By Jeff Johnson

Last Thursday, Sept. 29, on a beautiful fall evening in the park in front of Longview’s Monticello Hotel, 800 to 1,000 community and labor supporters raised their voices in support of International Longshore and Warehouse Union Local 21.

Community resentment towards EGT, a multinational joint venture between U.S.-based Bunge, Japanese-based Itochu, and Korean-based STX Pan Ocean, has been building ever since the groundbreaking for its state-of-the-art grain export terminal. EGT, which received special state tax incentives as well as favorable lease agreement with the Port of Longview, bypassed local labor in the construction phase of the project and refuses to accept the agreement that the ILWU has with the Port that all work there, loading and unloading ships and barges, is ILWU work. Not a good way to introduce yourself to your new community.

With unemployment at 11.3% in Cowlitz County and with no employment relief in sight, community members expressed their frustration and anger over EGT’s arrogance and continuing disrespect of the community of Longview. This disrespect has sharpened with EGT’s hiring of Special Response Corporation, a specialty security services firm made up of ex-military and law enforcement personnel who are “trained to meet the intensity of a crisis,” according to the SRC website. An advertisement for SRC shows a picture of a uniformed agent, complete with riot shield, with a headline “A Private Army When You Need It Most.”

What the community of Longview needs least of all is a private army of mercenaries preventing ILWU members from standing up for their jobs. Harassment by law enforcement has already gotten out of hand with ILWU members being arrested at their homes and in church parking lots. Last week when ILWU Local 21 President Dan Coffman was arrested with nine ILWU members’ wives, a 57-year-old longshoreman’s mother suffered a torn rotator cuff while being arrested, and another women’s face was pushed down into the gravel between the railroad tracks. Non-violent civil disobedience should never be met with this type of reaction.

As Thursday’s community rally went on, a rally billed as “A Peaceful Community Rally,” two things became clear.

First, law enforcement and town leaders didn’t get the “peaceful” part of the message, as Town Hall was shut down at 4 p.m., presumably to protect people from the peaceful rally-goers and two helicopters hovered high above the rally.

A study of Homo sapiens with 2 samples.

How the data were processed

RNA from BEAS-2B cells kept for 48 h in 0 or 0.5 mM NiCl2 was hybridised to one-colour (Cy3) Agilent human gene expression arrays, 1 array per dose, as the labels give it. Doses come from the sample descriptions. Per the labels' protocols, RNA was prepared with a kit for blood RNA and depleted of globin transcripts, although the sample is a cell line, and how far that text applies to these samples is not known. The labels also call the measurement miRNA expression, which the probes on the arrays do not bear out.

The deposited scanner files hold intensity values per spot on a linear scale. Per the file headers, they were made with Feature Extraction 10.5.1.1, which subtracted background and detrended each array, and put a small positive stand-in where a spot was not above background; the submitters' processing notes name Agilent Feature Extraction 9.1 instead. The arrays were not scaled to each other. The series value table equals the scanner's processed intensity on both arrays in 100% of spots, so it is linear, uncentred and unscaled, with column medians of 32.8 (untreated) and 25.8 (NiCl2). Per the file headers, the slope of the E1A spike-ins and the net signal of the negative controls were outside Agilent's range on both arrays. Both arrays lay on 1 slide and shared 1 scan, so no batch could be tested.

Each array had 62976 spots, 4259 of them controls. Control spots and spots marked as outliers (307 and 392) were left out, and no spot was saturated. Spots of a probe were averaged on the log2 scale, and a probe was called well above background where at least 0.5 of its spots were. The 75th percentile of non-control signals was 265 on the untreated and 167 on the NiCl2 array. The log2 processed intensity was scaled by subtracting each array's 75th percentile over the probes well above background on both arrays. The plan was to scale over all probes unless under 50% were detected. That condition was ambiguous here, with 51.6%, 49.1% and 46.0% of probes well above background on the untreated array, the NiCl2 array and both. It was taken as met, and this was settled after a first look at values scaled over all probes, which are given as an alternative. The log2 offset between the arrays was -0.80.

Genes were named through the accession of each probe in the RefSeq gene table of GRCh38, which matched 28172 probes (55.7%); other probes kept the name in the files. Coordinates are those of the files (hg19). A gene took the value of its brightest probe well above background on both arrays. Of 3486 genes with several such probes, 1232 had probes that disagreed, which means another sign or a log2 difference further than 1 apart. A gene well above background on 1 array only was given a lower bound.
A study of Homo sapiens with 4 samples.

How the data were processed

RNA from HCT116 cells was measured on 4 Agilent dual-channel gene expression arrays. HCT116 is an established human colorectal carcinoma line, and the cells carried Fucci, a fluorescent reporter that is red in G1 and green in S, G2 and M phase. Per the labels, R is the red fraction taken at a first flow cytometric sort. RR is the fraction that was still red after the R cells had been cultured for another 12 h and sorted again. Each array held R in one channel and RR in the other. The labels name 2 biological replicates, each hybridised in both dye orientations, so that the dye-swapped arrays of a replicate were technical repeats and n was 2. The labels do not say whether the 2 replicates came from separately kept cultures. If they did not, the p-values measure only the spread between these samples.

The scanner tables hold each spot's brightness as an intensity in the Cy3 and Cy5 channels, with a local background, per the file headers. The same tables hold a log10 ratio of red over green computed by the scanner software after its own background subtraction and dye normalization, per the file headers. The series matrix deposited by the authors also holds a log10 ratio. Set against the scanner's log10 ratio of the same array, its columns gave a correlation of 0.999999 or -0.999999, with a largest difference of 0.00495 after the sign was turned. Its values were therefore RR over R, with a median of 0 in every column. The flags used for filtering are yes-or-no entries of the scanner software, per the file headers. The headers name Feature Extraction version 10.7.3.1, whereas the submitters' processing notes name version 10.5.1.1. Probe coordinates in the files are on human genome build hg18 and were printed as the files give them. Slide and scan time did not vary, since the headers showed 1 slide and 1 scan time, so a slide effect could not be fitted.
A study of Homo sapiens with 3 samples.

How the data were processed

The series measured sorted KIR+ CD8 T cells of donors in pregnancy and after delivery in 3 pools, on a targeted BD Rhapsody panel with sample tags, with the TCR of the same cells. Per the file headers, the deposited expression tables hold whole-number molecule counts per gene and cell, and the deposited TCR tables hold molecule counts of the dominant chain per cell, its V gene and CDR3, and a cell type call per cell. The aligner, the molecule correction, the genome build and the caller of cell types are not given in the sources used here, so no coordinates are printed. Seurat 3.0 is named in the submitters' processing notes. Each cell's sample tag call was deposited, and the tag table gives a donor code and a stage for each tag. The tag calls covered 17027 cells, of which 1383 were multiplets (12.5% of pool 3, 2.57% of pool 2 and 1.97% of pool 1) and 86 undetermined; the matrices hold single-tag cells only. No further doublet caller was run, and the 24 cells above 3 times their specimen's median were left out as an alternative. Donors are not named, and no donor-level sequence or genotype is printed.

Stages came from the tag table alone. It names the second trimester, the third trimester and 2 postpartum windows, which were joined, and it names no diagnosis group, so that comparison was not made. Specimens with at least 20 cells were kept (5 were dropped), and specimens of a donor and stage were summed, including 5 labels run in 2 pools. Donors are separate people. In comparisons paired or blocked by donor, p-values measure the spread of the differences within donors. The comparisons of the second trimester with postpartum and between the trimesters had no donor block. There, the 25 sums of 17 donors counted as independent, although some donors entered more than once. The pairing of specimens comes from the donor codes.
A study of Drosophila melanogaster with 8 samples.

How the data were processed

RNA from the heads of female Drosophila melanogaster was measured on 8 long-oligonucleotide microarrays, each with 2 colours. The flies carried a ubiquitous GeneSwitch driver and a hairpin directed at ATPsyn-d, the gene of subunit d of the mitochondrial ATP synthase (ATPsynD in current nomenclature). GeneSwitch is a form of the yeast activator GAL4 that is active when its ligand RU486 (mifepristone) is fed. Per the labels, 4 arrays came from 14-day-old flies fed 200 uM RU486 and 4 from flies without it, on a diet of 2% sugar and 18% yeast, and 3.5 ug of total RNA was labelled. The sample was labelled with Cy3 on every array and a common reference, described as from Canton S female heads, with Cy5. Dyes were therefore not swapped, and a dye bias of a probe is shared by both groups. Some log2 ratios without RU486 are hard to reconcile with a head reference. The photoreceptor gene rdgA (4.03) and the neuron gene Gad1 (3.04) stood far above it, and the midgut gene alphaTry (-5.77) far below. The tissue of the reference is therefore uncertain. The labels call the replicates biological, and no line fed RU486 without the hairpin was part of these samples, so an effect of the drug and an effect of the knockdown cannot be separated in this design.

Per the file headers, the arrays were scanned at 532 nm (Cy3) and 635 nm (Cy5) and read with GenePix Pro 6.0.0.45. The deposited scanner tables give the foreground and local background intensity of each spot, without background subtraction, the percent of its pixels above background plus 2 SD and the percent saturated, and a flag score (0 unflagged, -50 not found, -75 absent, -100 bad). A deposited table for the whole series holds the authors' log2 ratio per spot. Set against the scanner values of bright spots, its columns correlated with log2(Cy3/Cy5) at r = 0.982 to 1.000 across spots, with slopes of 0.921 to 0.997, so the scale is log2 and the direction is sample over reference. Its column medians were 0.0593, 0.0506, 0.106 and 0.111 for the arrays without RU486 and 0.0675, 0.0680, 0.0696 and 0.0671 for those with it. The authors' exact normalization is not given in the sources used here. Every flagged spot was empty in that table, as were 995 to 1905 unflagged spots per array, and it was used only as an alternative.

The second thing that became clear was that the community supporting the ILWU extends well beyond Longview-Kelso. A resolution in support of ILWU 21 was presented from the San Francisco Labor Council, and Ian’s Pizza, the pizza parlor that supplied free pizza to the Madison, Wisc.,  protestors this spring, sent a message of solidarity to the ILWU.

Many trade unionists, local unions and community activists are asking the Washington State Labor Council what they can do to help the ILWU. I want you to know that we have been working closely with the ILWU International and with Local 21 since the beginning of the struggle. At this point in time they are asking that we all follow their lead — they will let us know if they need folks to assist them in various actions.

However, one thing that you can do right now that would be helpful is to get your union, council or organization to pass resolutions in support of ILWU 21 and send copies to Local 21 and to the WSLC. This act will help show the community of Longview how widespread  the support is for ILWU 21.

ILWU Local 21, 617 14th Ave., Longview, WA, 98632
WSLC, 314 First Ave. West, Seattle, WA, 98119.

Thank you all for your continued solidarity.

Jeff Johnson is President of the Washington State Labor Council, AFL-CIO, the largest labor organization in the Evergreen State, representing the interests of more than 500 local unions and 400,000 rank-and-file union members.